Welcome to the Hardenize blog. This is where we will document our journey as we make the Internet a more secure place and have some fun and excitement along the way.
SMTP TLS Reporting (or TLS-RPT for short) is a new standard that enables reporting of TLS connectivity problems experienced by applications that send email. The standard is documented in RFC 8460, which was released in September 2018. We've extended Hardenize to look for and test TLS-RPT policies in all assessments.
TLS-RPT is being released at a time when TLS and PKI have just about recovered from an onslaught of problems that began to circulate at around 2008 or so. It took ten years and dozens of issues, and it looked quite dire at times, but the ecosystem recovered. In 2018, we are so much more knowledgeable than we were, most of the infrastructure is running TLS 1.2, TLS 1.3 has just been released, and we have Certificate Transparency to keep an eye on the PKI ecosystem.
Even though we’re encrypting more email than ever before, it’s arguable that SMTP security lags behind that of the Web. At the core lies fear of losing valuable email messages. As a result, sending servers can’t expect to see valid certificates and strong encryption; receiving servers enable a wide variety of encryption standards (including some weak and insecure ones), as well as accept plaintext email.
As on the Web, the answer is to opt into better security, for example using DANE or MTA-STS. However, one problem remains: what if the remote servers can’t connect for whatever reason? And so now we have TLS-RPT, which aims to fill this gap and enable diagnostic reporting to support monitoring and troubleshooting of connectivity issues.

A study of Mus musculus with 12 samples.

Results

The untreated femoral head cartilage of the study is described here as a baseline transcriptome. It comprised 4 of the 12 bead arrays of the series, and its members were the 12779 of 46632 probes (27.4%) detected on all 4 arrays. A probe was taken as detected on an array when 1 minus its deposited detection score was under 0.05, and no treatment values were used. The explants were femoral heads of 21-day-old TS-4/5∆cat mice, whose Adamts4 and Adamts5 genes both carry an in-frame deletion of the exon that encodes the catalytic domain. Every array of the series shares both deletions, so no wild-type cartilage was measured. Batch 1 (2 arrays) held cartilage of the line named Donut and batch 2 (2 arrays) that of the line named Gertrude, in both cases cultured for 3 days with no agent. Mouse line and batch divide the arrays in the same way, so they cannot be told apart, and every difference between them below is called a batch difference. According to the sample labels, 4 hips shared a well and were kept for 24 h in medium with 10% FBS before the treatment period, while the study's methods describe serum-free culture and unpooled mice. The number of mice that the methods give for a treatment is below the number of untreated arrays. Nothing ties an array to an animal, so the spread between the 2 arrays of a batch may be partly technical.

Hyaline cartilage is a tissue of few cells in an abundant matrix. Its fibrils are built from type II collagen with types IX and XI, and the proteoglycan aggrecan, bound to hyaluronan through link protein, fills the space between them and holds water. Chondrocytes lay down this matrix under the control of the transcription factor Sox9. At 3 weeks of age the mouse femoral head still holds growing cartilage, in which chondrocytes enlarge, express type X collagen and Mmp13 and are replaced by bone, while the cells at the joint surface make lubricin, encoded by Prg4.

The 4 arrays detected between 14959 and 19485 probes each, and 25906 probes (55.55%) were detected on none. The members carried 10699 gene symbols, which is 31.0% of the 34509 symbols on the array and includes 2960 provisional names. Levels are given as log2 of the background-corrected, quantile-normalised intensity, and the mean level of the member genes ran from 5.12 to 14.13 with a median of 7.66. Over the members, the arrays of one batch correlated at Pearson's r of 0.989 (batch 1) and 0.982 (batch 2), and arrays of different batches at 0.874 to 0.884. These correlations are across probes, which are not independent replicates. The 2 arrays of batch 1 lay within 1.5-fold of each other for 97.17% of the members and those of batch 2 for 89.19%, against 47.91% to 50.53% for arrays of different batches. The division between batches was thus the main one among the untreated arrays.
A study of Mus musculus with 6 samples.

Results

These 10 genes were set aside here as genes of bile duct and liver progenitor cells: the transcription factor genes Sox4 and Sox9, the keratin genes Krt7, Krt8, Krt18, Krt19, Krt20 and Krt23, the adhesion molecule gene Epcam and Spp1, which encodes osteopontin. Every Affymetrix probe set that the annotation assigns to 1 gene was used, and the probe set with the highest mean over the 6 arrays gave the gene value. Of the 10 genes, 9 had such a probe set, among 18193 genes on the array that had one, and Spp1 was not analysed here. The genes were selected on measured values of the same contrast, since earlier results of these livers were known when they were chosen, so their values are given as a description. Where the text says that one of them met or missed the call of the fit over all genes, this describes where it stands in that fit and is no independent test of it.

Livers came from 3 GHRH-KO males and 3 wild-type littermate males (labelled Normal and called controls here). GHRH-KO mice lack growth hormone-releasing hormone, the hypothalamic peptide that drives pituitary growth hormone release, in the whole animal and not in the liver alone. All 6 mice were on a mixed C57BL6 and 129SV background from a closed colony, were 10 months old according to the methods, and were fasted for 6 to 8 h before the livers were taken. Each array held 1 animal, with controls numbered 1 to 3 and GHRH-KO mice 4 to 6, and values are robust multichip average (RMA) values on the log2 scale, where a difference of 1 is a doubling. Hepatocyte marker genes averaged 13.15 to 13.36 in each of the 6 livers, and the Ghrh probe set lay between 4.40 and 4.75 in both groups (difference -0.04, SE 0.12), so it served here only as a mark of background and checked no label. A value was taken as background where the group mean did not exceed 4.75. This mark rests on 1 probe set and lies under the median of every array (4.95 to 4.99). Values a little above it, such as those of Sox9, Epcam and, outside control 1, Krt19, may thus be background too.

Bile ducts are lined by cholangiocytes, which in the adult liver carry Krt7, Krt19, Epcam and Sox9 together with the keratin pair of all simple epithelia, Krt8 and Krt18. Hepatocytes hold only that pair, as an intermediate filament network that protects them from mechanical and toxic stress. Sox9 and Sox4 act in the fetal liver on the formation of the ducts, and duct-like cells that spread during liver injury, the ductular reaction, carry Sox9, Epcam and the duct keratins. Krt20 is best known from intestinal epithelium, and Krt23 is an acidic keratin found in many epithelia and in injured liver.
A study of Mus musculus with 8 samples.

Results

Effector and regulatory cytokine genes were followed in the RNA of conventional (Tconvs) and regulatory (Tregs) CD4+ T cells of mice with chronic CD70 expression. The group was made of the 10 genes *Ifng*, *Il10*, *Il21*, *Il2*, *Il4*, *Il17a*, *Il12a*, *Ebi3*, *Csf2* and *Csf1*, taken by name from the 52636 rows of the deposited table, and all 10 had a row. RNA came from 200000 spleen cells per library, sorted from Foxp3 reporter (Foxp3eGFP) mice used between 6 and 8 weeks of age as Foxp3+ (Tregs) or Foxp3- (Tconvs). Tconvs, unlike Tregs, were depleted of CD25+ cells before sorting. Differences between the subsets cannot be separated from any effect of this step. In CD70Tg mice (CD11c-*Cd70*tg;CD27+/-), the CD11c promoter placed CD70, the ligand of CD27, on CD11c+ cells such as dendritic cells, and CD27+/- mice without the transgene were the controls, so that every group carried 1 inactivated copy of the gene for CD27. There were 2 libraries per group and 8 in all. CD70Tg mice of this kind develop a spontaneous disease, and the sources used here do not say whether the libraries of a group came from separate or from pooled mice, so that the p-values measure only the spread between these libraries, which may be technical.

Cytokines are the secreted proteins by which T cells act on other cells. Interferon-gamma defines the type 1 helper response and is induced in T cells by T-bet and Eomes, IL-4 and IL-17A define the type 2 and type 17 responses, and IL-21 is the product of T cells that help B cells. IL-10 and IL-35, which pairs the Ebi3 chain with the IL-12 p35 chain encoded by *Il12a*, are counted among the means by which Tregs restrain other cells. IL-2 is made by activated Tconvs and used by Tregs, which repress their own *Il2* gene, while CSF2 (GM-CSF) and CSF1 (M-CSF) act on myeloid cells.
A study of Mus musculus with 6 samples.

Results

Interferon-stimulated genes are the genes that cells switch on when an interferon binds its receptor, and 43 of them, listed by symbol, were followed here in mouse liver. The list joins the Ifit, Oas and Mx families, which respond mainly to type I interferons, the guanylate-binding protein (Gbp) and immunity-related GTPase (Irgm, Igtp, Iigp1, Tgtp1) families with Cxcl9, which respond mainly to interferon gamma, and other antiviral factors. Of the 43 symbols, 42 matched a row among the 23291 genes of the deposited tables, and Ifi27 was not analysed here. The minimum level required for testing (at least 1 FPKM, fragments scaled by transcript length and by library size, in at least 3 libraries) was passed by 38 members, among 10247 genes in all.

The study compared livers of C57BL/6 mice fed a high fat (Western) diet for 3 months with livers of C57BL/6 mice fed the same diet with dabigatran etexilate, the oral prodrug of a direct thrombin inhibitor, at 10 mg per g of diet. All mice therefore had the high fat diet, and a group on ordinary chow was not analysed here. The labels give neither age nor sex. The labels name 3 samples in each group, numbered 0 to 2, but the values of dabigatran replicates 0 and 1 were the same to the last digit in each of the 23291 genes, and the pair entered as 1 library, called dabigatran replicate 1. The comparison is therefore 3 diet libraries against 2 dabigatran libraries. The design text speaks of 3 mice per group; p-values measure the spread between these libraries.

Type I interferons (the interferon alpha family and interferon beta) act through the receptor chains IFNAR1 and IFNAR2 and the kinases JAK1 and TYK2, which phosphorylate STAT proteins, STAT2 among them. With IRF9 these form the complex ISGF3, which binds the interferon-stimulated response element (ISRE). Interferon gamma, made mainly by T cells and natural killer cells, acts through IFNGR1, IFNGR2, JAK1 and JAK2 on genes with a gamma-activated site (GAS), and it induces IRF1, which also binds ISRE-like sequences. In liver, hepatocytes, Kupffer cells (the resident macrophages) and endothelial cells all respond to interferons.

Technically, it’s trivial to start using TLS-RPT; you only need to add a TXT DNS record in the correct location, prepending
_smtp._tls. to your domain name:
_smtp._tls.example.com. 300 IN TXT "v=TLSRPTv1;rua=mailto:email@example.com"
After this, compliant MTAs will begin to send reports to the designated email address. The reports are expected to cover a period of one day and convey the (DANE and MTA-STS) policies observed by the senders, as well traffic statistics and, optionally, failure information.
It practice, even though you can enable TLS-RPT, you’re not going to receive many reports, because there isn’t much support on the sending side at this time. So for now, this is something you can do to feel that you’ve done your bit for supporting modern standards, but we’ll have to wait until some time in the future to reap the benefits of the reporting. Of course, once we reach that point, we’ll have another problem, which is how to process and analyze the many reports. For that we’ll need specialized tools, like the ones we have for DMARC today.